How the Biggest Hack in History Changes the Nature of Financial Literacy
By Dan Kadlec
May 17, 2017
The ransomware virus that landed in 150 countries last week, and was called the biggest cyberattack in history, points up an aspect of financial literacy that often flies under the radar: Victims of financial fraud tend to be among the most financially savvy.
That was a startling finding in a decade-old study from the NASD Investor Education Foundation, now called Finra. Victims of financial scams scored higher than non-victims on eight financial literacy questions. They were also better educated in a classic sense.
Smart people dumb about money? How can that be? One answer is found in the psychological make-up of financially astute fraud victims. As a group, they tend to be more optimistic about the future and have more confidence in their ability to make wise decisions. Think dentist or doctor, both reputedly bad investors. Their confidence sets them up for a slick sales pitch.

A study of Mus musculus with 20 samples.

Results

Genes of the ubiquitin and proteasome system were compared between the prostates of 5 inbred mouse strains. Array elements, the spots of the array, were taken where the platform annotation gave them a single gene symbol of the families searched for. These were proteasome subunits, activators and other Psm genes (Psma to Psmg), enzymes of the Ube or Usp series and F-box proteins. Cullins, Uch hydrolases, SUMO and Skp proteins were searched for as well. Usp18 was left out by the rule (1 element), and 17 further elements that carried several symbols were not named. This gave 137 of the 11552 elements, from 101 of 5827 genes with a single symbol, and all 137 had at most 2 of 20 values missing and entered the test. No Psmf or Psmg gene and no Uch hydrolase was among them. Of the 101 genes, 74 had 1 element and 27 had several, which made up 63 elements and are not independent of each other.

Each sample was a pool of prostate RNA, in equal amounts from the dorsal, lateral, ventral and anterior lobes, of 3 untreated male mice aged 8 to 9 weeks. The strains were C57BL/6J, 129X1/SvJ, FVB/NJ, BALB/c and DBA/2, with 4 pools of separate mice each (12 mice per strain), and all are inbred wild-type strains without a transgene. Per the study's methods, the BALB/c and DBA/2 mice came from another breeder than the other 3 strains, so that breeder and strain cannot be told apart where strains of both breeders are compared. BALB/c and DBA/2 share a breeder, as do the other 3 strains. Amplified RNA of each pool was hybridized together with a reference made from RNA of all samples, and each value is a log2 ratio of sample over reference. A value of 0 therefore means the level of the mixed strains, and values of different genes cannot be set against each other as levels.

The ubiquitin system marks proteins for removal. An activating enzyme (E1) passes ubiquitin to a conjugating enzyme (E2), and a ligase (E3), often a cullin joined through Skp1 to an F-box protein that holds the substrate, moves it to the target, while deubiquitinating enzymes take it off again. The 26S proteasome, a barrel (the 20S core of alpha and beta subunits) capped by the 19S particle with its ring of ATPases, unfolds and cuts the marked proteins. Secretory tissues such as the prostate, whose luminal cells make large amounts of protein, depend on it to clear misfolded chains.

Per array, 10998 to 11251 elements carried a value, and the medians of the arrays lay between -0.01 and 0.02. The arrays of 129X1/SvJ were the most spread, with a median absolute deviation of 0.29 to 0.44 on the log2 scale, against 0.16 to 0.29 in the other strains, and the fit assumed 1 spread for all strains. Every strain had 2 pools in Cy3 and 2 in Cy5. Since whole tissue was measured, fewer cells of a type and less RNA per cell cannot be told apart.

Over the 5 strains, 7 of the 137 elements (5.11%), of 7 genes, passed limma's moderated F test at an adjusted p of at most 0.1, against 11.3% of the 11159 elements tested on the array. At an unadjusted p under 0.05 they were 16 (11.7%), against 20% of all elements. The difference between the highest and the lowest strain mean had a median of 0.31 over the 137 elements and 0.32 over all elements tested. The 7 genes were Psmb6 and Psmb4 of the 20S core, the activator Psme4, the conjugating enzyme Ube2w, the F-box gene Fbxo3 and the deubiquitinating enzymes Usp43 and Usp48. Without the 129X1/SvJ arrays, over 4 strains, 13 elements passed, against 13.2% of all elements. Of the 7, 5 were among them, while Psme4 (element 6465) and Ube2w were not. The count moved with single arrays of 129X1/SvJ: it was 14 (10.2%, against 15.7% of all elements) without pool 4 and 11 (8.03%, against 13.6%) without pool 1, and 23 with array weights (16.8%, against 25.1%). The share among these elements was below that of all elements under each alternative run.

Of course, investment scams are different than a hacker locking up your digital information and demanding a ransom—or a hacker pulling your credit card data from a breach at, say, Target, where you just charged a new set of dishes.
But not that different. You can guard against viruses and hackers. Change your password. Don’t click on suspicious email attachments. Smart people know this too, but ignore the safeguards anyway.
These are new-age issues. It’s safe to assume that “ransomware” and “cyberattack” are not in the vocabulary of many past age 65. We need new-age solutions.
Maybe we should start by measuring financial literacy against how well individuals understand modern financial scams, in addition to their understanding of basics like budgets, credit, saving and investing. After all, if you can’t say no to a slick sales pitch it doesn’t matter how much you know about compound returns. An emptied bank account doesn’t grow.